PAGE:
Maple candied pecans + an autumnal salad

We went to see the new James Bond movie last night, and so naturally today I’ve had the theme song on repeat… (I went from hating it to being absolutely obsessed within about 4 replays, so if you’re not convinced after attempts 1-3, push through it!). The song makes me want to lurk around in dark corridors and spy on people and harbour deep dark secrets and wear backless gowns…
Instead I’m sitting here with my Christmas mug (yep that’s happening) and a purring Porgy, and trying to distinguish between near-identical pictures of salad.

maple candied pecans

(It’s got to be said: there’s something distinctly un-James Bond about salad.)

maple candied pecans

I’ve been staring blankly at my screen for about five minutes, trying to come up with a sort of James Bond-related way of describing these maple candied pecans. And I’m out. Not one idea, beyond ‘they’re dangerously delicious,’ and that’s just too poor an attempt to officially use. So I’ll just cut to the chase: these are magnificent, and highly highly addictive. I believe the exact words Pieter used to describe them were ‘little nuggets of gold’ – high praise indeed! If you’re Canadian then you’ve likely eaten/made these before – because maple syrup – and this is all just old news. But if you’re not, then you’ve got to give them a go!

maple candied pecans

This salad is what I refer to as my ‘Canadian salad’. I believe some Canadian pals and I made this exact dish about five years ago on exchange, when we agreed to host a ‘Canadian dinner’ for a bunch of international students. What could possibly be more Canadian than maple syrup not only in the dressing but in the salad itself??! Perhaps a dessert of maple syrup on snow – that’s exactly what it sounds like – but that would have been inappropriate and likely unhygienic. Plus I think that our dinner was somewhere in spring, so this salad had to suffice.

And though it’s a humble little salad, and not very James Bond, it’s glorious. So embrace your inner Canuck and whip up this beauty!

Happy Monday friends!! xx

Maple candied pecans + an autumnal salad

Total Time: 10 minutes

Yield: 4 portions

Maple candied pecans + an autumnal salad

Ingredients

For the maple candied pecans
1 cup pecans
1 tsp Dijon mustard
2 1/2 tbsp (about 40 ml) maple syrup
pinch of salt
For the dressing
1 tsp Dijon mustard
3 tbsp olive oil
1.5 tbsp balsamic vinegar (white if you can find it! otherwise regular is also delicious)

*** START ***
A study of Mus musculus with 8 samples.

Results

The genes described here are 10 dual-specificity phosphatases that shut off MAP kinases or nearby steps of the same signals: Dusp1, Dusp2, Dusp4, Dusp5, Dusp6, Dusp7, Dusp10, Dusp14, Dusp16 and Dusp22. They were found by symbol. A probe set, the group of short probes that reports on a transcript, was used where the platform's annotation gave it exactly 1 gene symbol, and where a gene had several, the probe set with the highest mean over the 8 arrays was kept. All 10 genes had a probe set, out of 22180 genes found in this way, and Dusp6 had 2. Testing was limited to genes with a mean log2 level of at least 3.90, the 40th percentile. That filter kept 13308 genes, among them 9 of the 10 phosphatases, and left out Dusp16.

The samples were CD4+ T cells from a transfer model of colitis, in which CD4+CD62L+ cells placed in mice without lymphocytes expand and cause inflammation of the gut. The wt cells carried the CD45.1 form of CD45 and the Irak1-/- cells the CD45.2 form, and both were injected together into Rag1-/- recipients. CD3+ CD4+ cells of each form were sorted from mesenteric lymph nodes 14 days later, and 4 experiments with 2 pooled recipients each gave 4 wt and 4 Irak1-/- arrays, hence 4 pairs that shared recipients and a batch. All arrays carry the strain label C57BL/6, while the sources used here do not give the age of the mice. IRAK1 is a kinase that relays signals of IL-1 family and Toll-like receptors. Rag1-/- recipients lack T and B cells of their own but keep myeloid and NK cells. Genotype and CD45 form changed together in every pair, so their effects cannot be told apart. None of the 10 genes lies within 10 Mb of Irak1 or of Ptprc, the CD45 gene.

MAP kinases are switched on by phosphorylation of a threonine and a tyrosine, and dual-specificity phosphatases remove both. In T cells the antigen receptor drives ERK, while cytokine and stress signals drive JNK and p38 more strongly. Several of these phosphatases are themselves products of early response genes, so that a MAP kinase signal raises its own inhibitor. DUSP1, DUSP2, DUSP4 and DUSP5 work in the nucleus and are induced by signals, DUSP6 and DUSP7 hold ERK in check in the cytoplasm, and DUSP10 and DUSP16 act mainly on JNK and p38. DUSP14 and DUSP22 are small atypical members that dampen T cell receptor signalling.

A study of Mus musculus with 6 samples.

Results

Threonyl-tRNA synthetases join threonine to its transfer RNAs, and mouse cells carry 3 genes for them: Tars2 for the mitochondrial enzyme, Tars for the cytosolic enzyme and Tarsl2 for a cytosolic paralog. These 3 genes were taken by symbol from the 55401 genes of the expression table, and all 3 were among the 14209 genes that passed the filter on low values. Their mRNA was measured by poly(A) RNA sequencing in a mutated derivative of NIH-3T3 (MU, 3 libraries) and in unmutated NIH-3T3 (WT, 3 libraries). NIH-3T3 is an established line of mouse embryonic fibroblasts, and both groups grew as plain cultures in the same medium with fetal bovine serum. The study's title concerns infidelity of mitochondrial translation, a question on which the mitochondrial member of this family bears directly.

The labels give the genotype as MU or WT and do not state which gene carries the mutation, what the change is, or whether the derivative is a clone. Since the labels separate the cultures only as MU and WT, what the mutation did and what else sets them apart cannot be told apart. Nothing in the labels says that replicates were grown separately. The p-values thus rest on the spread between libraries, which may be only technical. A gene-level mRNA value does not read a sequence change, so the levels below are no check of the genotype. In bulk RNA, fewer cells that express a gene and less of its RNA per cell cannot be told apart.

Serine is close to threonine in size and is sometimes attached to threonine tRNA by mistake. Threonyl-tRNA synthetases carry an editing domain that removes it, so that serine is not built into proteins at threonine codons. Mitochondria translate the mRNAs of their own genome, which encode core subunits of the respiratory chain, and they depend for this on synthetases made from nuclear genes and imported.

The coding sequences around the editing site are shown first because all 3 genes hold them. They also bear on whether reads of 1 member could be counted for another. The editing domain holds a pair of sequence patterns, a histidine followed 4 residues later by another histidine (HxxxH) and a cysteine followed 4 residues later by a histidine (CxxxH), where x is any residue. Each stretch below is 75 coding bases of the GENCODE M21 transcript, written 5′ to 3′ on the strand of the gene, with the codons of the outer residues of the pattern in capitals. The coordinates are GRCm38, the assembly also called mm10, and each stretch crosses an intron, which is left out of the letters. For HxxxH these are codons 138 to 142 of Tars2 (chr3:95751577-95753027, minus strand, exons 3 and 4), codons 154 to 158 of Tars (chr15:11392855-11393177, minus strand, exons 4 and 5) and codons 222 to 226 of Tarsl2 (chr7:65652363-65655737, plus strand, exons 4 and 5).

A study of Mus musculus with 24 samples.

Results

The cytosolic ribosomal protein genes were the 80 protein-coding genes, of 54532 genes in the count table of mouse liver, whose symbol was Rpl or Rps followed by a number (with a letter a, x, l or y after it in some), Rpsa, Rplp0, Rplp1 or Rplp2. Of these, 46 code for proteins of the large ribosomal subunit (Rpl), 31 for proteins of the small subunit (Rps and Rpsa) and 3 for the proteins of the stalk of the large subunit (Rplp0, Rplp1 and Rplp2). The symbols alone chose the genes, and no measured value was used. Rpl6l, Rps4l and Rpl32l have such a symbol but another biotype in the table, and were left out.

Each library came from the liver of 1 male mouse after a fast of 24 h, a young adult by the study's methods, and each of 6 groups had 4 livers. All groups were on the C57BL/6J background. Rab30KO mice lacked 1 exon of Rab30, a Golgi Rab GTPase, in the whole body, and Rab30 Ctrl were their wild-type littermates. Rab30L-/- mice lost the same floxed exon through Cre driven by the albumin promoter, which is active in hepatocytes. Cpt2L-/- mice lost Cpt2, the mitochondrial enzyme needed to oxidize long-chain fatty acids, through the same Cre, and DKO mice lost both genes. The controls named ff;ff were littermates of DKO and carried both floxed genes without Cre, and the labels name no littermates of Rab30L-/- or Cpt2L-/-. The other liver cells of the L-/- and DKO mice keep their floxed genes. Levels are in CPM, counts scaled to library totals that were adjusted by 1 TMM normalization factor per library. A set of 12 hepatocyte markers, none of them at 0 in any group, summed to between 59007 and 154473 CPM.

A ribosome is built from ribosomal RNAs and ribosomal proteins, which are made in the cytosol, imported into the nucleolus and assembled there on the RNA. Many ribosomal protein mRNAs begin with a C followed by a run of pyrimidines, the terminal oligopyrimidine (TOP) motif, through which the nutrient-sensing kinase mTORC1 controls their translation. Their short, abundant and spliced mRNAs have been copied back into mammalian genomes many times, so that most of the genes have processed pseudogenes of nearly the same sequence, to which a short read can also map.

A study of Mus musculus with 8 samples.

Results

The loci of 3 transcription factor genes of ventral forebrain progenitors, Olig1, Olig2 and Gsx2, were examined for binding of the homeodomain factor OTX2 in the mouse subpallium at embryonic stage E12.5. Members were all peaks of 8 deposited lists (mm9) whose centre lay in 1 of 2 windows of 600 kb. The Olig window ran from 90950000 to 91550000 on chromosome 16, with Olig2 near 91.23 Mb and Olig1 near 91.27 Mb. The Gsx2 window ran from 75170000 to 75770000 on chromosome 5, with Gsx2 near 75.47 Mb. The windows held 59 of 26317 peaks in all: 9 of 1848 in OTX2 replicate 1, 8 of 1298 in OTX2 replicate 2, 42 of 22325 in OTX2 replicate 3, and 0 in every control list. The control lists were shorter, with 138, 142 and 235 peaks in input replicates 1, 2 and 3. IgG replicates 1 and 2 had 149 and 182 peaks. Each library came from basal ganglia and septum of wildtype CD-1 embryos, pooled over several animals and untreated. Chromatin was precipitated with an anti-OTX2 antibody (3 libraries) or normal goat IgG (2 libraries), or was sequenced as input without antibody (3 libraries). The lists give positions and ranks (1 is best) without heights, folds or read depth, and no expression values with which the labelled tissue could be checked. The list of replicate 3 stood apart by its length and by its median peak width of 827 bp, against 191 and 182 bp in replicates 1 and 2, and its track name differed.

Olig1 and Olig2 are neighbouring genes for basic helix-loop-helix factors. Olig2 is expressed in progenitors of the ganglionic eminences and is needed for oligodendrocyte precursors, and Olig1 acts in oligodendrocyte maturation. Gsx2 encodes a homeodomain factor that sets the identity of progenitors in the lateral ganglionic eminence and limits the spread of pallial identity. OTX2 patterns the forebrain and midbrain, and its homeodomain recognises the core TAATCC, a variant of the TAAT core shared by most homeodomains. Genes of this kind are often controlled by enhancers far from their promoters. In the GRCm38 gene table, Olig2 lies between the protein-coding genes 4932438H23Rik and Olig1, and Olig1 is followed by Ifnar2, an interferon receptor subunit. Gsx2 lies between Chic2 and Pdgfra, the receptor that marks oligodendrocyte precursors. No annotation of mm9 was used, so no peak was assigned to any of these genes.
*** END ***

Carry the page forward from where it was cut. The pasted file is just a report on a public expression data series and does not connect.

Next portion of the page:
2 tbsp maple syrup
pinch of salt & black pepper
For the salad
greens
soft goat cheese, crumbled
2 pears, thinly sliced

Instructions

For the pecans
1. Preheat the oven to 250c/480f.
2. Mix the maple syrup, mustard and salt together in a medium-sized bowl. Add in the pecans and toss well to coat.
3. Spread the pecans evenly on a lined baking sheet.
4. Bake for about 4-5 minutes, or until the maple syrup starts to bubble in the oven and the pecans become slightly darker in colour. Don't walk away, because these will burn veeeeeryy quickly. (I know from experience!)
5. Remove from the oven and let cool. Then roughly chop and use as you please!
For the dressing
1. Whisk all ingredients together and set aside.
For the salad
1. Assemble in whatever way your heart desires, and enjoy!

Notes

I've indicated that this yields 4 portions, but that's really only based on the amount of pear and dressing. You'll get more than 4 portions of the pecans, unless you really go to town!

http://feastwithsophie.com/index.php/2015/11/09/maple-candied-pecans-an-autumnal-salad/

Comments

  1. says

    I think you need to buy bigger plates! ๐Ÿ˜‰

    I’ve printed off about 5 recipes, which should keep me going for a little while. Many thanks! Love this blog ๐Ÿ˜€ ๐Ÿ˜€

    • sophie says

      HAH! I’m going for a feeling of abundance, although it is definitely detrimental to the actual eating process ๐Ÿ˜›
      Thank YOU for the compliment!! Glad you are liking it and that the plug-in is being used!!

  2. says

    This looks so light, delicious, and absolutely perfect for the holidays (or anytime!). I could eat this every day. Love it :)

    • sophie says

      Thanks Karrie! It’s been so long since I celebrated Thanksgiving in Canada, but I do think we used to make something a lot like this every year! Perhaps substituting apple in, or candied walnuts?